Friday, May 17, 2019

We're All Ears :: Encapsulated Potential

I hope you found something intriguing about the graceful curving forms of Ruth Asawa's beautiful wire work. For me the challenge was trying to miniaturize these forms and to get the sense of the shape within the shape that her wire sculptures depicted.

I found this short video about the experience of seeing one of these forms on display and how we are meant to interact with these sculptures in a way that was different than what most had known about sculpture up to the mid-century when she was creating them. The brief video only shows one piece, but she intended for them to be shown together, like the picture above, where the shapes play off one another and the shadows they create are part of a sort of living exhibit. The biomorphic designs were built with very common materials - copper, brass, steel wire - that she elevated to something staggeringly beautiful. Asawa also believed that art should be accessible, which is why the permanent exhibition of her work is in a space that does not charge people to see them, and also that art is something that you do every single day. I love this sensibility and try to bring that to my own art projects.

So I started with the wire. I was using 16 gauge steel wire for the base and made a couple of contenders to replicate her shapes. I also pulled out some metal beads that I thought would work for the enveloped orbs that are common to her work. I think that I would go back and try to do this with other metal colors, as that is the only color in her work.

Now I don't know how to crochet with wire, but that would be something. Ruth learned these techniques in Mexico when she worked with local craftspeople who made baskets like this, but she came back and transformed the craft into art. Can you imagine some crochet orb earrings like this? I think that would be incredibly dramatic! What I decided to do was cage a bead with simple wire wrapping. I found these fluted beads that worked well because the grooves could be used to trap the bead in the wiring, giving it a sense of floating inside the shape. I like a little bit of movement, and just a hint of bling to catch the light, so I added some smalller fluted beads and just a little Swarovski crystal that helped to reinforce the cascading, morphing shapes.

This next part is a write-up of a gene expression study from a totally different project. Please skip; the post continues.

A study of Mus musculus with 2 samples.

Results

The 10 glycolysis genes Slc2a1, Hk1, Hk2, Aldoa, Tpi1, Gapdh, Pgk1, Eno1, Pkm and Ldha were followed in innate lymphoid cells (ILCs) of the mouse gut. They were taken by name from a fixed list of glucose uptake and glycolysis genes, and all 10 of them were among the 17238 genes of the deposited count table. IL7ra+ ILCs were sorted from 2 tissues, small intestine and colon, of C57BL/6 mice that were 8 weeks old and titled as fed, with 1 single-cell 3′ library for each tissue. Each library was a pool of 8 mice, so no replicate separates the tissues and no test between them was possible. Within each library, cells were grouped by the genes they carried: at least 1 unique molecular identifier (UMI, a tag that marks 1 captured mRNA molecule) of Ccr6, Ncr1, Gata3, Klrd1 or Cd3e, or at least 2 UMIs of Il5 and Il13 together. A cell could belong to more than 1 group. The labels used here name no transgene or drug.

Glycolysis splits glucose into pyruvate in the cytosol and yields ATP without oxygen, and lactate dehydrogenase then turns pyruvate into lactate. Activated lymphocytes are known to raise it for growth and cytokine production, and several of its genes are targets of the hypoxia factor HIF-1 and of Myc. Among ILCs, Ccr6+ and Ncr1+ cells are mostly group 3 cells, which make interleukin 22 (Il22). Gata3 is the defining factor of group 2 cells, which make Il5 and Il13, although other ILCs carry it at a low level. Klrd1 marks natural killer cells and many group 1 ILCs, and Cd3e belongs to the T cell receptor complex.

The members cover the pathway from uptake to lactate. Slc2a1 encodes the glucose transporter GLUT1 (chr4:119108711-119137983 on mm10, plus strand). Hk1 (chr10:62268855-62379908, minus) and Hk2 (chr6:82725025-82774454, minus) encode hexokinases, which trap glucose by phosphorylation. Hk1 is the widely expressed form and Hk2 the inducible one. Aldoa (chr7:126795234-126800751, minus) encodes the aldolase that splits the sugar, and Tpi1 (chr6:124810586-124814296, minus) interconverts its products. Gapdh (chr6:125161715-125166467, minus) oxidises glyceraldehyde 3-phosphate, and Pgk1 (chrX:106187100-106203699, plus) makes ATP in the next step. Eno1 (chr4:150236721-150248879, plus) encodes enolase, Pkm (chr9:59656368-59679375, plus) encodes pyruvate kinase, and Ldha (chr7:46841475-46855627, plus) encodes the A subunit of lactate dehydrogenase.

There is a lot of mystery with Ruth Asawa's art. I can't fathom how she did all of these, especially getting those bubbles suspended within. So I called these "Mystery Within" as her art hints at seed pods and all the encapsulated potential.

I am curious to see how this art influenced your design.


  1. Perfect - that's the first word that came to my mind when I saw your earrings, Erin! I love how you've brought the encapsulated-sphere look to your earrings - using ridged beads to help with the wire cage is a brilliant idea! I like the strong, bold look from the 16-gauge wire, and the little Swarovski crystals fit right in with the flowing forms.

  2. these are fabulous! I think you captured the heart and soul of what she created in your earrings

  3. While I haven't done any 3D wire forms in a long time I do know wire crochet and ISK. However, I couldnt do this challenge due to lack of time. So I really admire your way of making a wire cage. It is super clever.

  4. I love that your earrings are asymmetric and monochromatic. Fun, clever, and beautiful all mixed up into a pair of earrings!

  5. I am late on adding my earrings inspired by this amazing wirework, but thanks for the inspiration!